With news today that the High Court of Australia has overturned the ACT’s marriage equality laws, Lyle Shelton of the Australian Christian Lobby says that we should now ‘move on.’ He keeps saying it. It’s his line. He said it again on the news tonight: ‘It’s time to move on!’
In Shelton’s logic, with ‘nine parliamentary attempts’ (and 30+ weddings) behind us, any further agitation is stirring a pot that should no longer be stirred. To proponents of marriage equality, his advice is clear: take off your aprons and put down your wooden spoons. The stew is cooked.
To be blunt, it’s a silly thing to say. More than that, it’s insulting. Whatever we judge to be the rights or wrongs of a particular issue, suggesting that citizens of this country who feel passionately about that issue should just give up and give over after a few rounds in the political arena is extraordinary. Sadly, it betrays just how little Shelton and his lobby group understand what motivates those who fight for this issue or how deeply it touches their lives.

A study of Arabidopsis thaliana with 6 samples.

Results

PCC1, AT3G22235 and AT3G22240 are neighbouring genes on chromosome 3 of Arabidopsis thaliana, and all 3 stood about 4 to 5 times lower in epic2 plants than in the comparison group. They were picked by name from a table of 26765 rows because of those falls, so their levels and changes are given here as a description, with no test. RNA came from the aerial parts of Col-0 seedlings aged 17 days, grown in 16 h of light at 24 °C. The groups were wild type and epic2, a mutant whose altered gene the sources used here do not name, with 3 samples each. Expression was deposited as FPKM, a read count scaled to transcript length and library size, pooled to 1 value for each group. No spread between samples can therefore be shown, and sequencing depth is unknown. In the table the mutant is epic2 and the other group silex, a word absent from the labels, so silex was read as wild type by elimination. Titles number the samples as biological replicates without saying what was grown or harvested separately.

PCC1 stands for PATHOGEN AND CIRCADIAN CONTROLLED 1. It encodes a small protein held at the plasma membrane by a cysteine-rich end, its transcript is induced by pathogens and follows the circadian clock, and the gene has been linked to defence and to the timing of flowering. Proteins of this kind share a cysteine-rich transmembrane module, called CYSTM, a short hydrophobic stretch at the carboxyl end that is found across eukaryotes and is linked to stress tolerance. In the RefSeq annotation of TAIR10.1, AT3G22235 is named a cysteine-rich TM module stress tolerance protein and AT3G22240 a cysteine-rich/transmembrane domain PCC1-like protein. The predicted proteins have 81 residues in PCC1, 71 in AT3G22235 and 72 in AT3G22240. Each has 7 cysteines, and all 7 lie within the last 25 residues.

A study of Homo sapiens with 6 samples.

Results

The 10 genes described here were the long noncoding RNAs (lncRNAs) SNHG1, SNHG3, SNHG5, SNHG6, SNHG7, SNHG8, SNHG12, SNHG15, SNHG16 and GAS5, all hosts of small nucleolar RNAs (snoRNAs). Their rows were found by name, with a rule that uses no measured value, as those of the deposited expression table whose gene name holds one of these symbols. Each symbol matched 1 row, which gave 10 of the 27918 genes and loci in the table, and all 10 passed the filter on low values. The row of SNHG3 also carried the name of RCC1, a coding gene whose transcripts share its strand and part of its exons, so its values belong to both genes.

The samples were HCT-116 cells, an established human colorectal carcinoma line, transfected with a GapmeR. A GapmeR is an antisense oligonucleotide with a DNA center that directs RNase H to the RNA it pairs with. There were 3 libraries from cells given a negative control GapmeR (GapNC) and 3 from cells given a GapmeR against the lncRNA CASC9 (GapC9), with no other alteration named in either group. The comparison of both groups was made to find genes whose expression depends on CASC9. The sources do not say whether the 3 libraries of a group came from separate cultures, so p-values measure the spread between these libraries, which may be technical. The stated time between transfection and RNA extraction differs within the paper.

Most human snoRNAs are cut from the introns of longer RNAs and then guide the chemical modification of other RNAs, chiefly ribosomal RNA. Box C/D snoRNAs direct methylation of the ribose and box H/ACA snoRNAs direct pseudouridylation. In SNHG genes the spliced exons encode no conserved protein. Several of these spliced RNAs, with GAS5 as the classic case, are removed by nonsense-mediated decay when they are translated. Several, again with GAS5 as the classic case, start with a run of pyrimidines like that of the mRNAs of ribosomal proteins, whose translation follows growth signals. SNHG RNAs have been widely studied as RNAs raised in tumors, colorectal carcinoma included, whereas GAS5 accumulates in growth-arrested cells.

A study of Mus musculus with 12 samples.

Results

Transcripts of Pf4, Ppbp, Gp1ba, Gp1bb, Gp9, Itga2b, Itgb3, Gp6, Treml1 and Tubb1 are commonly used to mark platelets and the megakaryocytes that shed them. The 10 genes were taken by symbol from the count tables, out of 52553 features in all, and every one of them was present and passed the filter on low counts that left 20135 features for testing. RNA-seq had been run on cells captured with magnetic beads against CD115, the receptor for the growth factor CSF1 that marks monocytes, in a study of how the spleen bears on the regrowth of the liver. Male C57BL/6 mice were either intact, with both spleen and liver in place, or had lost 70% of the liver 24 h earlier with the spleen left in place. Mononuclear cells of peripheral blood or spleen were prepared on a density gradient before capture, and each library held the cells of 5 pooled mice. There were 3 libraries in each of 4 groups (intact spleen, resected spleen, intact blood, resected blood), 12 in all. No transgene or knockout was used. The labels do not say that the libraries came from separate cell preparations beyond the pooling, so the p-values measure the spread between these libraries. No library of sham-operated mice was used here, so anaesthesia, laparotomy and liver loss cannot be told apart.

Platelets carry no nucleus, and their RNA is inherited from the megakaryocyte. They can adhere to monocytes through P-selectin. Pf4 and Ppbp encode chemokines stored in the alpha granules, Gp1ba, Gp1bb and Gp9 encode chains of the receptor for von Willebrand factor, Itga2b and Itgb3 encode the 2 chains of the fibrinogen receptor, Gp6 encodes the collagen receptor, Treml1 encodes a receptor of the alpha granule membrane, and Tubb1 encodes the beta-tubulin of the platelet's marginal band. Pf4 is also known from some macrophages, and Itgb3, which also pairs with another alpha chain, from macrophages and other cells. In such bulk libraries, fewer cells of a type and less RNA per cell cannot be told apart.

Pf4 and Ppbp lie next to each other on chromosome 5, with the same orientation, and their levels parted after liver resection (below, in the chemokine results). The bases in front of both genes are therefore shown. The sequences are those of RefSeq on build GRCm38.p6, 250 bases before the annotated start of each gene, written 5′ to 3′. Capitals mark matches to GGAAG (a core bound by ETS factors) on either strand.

For me and others, this is an issue of justice. It speaks to the most fundamental values of cultural belonging and inclusion. I stand publicly for marriage equality because it flows directly from my commitment to the integrity of human relationships and to the sacred connections between love and fidelity. Agree with me or don’t, but surely you can’t wish me to just ‘move on.’
Imagine for a moment the issues that would never have been brought to resolution if courageous people just gave up and moved on. In his fight to end the slave trade, Wilberforce took his bills before the British parliament more than twenty times over as many years before he found success. The story is similar with women’s suffrage, Indigenous land rights, the end to the death penalty and so much more.
It seems especially odd to me that a lobby group like the ACL should propose a ‘move on’ approach to social issues. Their continuing agitation around the legalities of abortion, for example, is surely testament to their resolve to remain actively engaged even when the movement of legislation is against them.
Truthfully, I don’t care much for the ACL and what it stands for, but I am glad it’s there. As a political voice, it operates out of conviction and represents the views of its constituency (however large or small) with energy and resolve. I would only hope that Shelton and others will acknowledge those who support marriage equality as more than a marginal nuisance group that can simply ‘move on’, as though its concerns are of no lasting consequence.